The final nail in the coffin is here: Theranos announced yesterday it is formally dissolving. Now, as things begin to settle, much of the world is left wondering what will happen to the woman once recognized by Forbes as the world's youngest self-made female billionaire and was valued at over $9 billion with more than $400 million in venture capital.
Elizabeth Holmes came onto the scene in 2004 after founding Theranos, a tech company with the lofty goal of "democratizing healthcare” by collecting data from blood droplets instead of larger vials. Then came the bombshell reporting by John Carreyrou of The Wall Street Journal in 2015: a secret investigation of Theranos first showing that Holmes' Silicon Valley startup was struggling with its blood-test technology. Holmes tacitly accepted her defeat earlier this year. After settling with the Securities and Exchange commission following charges for “massive fraud” back in March, Holmes was stripped of most of her control of the company.
After years spent on covers of the most respected magazines in the country, being likened to Steve Jobs (both in fashion sense and entrepreneurial spirit), and generally ruling over the tech world, Holmes’ operation was ultimately exposed for what it was: a jumble of embellished half-truths and outright lies. And, at first glance, Holmes’ story isn’t dissimilar to the countless fables of women CEOs and founders who are pushed off the edge of the glass cliff. However, Holmes is not the victim of such a scenario; she alone is responsible for creating a company built on intentional deceit and must, therefore, be held accountable for her actions.
It's well known that stretching the truth isn't exactly an anomaly in business, particularly tech — though even HBO's Silicon Valley knows there is a difference between business and straight up lying. Many would say it’s par for the course. In the case of Theranos, there was not much truth to begin with: The machines Theranos built could only perform a fraction of the tests a traditional lab could. Interestingly, women in business are not typically seen as being capable of this level of deceit, though with so few women in positions of power, its difficult to measure how gender affects this type of behavior. Though Holmes’ behavior may negatively impact how women founders are perceived, it’s important that her actions not be branded as archetypal.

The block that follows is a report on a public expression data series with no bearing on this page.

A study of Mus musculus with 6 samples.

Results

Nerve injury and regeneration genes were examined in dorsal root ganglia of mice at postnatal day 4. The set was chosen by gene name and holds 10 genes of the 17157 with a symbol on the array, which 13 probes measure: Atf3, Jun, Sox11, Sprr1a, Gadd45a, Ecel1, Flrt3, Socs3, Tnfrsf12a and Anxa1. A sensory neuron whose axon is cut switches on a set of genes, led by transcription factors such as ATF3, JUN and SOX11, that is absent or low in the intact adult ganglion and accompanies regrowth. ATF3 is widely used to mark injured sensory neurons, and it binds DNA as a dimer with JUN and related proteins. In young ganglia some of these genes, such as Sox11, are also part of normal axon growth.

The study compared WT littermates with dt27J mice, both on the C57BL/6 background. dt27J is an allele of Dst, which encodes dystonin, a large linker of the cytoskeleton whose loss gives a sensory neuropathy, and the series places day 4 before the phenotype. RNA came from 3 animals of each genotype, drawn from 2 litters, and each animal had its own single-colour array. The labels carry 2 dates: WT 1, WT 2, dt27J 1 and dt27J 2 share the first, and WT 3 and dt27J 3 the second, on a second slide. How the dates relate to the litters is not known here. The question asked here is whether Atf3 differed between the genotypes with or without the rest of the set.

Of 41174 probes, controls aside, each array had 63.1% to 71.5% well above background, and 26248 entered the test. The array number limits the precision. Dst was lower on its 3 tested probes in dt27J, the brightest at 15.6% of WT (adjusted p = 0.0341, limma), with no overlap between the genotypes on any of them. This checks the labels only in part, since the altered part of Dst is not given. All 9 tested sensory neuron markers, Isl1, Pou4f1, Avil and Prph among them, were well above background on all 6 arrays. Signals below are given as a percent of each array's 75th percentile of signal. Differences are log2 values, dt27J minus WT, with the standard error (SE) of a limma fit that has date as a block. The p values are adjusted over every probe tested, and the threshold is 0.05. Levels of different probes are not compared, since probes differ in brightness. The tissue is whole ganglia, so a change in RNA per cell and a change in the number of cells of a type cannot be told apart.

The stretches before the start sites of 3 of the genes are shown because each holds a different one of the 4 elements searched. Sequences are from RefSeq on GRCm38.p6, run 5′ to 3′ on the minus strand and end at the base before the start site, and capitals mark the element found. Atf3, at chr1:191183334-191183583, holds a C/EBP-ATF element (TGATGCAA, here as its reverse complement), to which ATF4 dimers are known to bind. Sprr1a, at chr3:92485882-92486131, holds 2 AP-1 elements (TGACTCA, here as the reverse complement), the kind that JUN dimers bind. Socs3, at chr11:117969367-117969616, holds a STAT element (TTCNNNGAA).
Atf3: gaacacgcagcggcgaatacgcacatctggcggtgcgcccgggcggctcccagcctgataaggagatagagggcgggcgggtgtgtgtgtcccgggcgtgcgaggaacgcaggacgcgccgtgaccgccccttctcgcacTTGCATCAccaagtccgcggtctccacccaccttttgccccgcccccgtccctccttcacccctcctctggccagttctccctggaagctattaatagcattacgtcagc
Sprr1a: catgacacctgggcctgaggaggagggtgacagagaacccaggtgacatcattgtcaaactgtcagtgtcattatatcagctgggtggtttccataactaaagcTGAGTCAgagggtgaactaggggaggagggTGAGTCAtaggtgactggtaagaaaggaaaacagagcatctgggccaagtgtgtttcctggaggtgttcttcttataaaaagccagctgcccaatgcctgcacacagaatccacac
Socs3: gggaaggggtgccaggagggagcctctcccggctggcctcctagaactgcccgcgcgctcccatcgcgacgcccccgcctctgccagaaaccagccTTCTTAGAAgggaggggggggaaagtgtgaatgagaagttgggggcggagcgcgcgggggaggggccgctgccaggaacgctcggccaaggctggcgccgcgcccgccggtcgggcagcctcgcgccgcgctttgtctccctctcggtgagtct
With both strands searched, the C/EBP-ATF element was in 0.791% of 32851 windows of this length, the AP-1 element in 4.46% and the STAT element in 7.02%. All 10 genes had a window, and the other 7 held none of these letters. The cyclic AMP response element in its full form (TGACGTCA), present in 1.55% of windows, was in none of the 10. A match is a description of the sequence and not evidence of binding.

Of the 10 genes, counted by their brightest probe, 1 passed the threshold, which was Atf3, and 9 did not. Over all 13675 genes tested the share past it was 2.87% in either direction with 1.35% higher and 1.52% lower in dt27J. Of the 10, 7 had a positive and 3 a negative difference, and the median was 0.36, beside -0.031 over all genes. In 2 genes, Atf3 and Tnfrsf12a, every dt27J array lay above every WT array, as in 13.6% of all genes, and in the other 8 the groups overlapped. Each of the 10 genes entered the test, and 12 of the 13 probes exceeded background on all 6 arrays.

Historically, when a woman slips up in business or politics it’s particularly damning — recall Hillary Clinton’s private email server — and often framed as an act representative of women’s inherent untrustworthiness. Conversely, when men commit fraud (and they often do) the question of whether it will affect 'all men' is never posed. In fact, their gender is almost never called into question. Of course, this is related to the gender ratios at the highest ranks of business and the fact that there are far fewer women leaders than men.
In 2018's list of Fortune 500 companies, only 24 had female CEOs. These trends are particularly pronounced in Silicon Valley: In 2017 a measly two percent of all venture capital dollars went towards women-led initiatives. While it may be disheartening to lose a woman CEO — especially when there are so few — it's crucial to note that the story of Holmes is not akin to Marissa Mayer or Indra Nooyi.
Ultimately, though Theranos has shuttered its doors, the ordeal is still not over. Both Holmes and former Theranos president (and Holmes' ex-boyfriend) Sunny Balwani are expected to head to criminal trial after being charged with "massive fraud," most likely sometime next year or in 2020. But, even as the disgraced company comes to a close and the media hearsay proliferates, it’s important that we hold Holmes to account without letting her actions sabotage the business prospects of other women leaders in the process. After all, making gendered generalizations or attempting to extrapolate one individual's behavior to leaders of that gender as a whole would be a disservice. Besides, existing double standards are already bad enough.